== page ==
Marc Jacobs may have banned the celeb circus, but when L'Wren Scott does boldfaced names, it's in her own precisely chic and personal way. This season it was Brooke Shields, Selma Blair, Rachel Feinstein Currin, Ellen Barkin, Daphne Guinness, and a radiant Christina Hendricks, who recently atoned for her sartorial sins at the Golden Globes by knocking them dead in one of Scott's frocks at the Directors Guild Awards.
Scott called this collection Tuxedo Terrace, intending to explore various incarnations of the formal staple. But the second look out—a thin gray sweater layered casually over a white shirt and slim trousers—was downright casual. "I always do knits," Scott explained afterward. "I just don't always show them." There were also a pair of sequined cardies, and even if the knits weren't news, they were refreshing to see.
It was soon back to black(-tie) with all sorts of razor-pleated bibs and bow-tie collars. A couple of instances read costumey, but a tuxedo shirt transformed into a black leather dress and a lean, languid robelike coat with sequined lapels showed that it could be done to ultrarefined effect. Dovetailing with the theme of propriety was a dose of Victoriana, evident in beautiful cutaway jackets with high ruffled collars or Scott's signature schoolmarm dresses. But all work and no play. The counterpoint was hems above mid-thigh, a slight shock if you've become accustomed to Scott's knee-obscuring lengths. The highlight was a textured bright-silver tank dress on Bruna Tenorio.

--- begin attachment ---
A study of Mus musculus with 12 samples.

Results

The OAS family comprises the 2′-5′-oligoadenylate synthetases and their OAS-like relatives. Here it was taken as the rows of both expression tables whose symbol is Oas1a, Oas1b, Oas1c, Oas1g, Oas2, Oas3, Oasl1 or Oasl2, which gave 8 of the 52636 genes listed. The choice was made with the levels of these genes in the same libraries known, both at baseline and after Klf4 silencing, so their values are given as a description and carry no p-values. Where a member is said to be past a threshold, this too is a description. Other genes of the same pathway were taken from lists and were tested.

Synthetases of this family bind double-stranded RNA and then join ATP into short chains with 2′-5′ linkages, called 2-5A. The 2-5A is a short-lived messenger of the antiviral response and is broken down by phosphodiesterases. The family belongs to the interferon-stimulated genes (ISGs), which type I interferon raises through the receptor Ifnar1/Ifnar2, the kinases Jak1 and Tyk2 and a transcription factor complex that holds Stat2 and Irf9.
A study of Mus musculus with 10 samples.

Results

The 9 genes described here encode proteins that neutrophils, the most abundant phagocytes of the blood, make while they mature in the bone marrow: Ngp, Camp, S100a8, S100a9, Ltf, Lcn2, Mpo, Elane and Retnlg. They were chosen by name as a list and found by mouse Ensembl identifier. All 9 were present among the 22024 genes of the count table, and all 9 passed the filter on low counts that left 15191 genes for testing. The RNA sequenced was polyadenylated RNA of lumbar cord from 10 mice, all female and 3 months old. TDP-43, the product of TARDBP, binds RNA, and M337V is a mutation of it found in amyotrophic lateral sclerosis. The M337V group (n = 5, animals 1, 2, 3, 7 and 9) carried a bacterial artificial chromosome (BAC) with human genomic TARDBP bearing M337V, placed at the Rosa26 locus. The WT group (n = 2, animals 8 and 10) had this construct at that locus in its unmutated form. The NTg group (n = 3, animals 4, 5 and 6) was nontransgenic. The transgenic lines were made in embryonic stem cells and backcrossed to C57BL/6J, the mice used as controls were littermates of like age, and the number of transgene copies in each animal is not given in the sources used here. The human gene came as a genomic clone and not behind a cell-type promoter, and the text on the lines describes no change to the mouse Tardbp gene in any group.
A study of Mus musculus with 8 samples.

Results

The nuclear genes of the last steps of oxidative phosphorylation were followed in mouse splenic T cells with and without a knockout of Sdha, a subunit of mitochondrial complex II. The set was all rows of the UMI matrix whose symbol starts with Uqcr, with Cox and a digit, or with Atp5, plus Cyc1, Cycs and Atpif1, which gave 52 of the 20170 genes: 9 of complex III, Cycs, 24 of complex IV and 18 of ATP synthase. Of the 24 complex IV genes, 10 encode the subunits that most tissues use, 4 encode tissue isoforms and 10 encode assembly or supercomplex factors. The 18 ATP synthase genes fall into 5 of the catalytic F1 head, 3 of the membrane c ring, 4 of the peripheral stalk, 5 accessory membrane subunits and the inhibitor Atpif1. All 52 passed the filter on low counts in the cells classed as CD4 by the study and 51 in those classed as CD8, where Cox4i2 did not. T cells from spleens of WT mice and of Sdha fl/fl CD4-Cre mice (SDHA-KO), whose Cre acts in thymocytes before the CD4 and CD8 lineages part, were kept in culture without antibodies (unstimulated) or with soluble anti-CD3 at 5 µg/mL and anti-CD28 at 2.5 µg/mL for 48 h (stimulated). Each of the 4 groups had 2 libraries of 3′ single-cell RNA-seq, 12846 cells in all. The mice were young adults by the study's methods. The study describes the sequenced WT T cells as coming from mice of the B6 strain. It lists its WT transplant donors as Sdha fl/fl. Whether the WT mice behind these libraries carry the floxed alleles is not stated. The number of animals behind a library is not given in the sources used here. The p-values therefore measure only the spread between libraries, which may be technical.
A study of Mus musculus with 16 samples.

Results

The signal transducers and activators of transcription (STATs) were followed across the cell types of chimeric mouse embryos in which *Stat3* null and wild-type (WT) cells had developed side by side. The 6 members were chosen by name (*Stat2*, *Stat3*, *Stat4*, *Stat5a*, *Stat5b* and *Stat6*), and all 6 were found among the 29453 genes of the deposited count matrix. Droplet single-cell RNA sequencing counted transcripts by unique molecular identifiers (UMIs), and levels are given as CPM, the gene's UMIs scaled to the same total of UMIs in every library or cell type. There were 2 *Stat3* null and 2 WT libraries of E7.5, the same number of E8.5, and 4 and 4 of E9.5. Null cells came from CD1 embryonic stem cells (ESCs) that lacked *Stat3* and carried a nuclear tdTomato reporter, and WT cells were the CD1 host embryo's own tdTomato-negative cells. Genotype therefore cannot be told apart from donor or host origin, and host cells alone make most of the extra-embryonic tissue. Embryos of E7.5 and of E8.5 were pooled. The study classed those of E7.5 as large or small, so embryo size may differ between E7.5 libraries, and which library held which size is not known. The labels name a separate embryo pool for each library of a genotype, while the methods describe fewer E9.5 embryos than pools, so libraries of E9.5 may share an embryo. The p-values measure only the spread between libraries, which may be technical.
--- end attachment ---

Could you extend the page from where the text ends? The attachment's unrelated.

Scott has set her own bar high, and overall the collection lacked the laser-sharp focus of seasons past. Still, there were exquisite clothes here, among them the Oscar-worthy frocks that closed the show. Our favorite: a swirling sequin and marabou column, a winner before a single envelope is opened.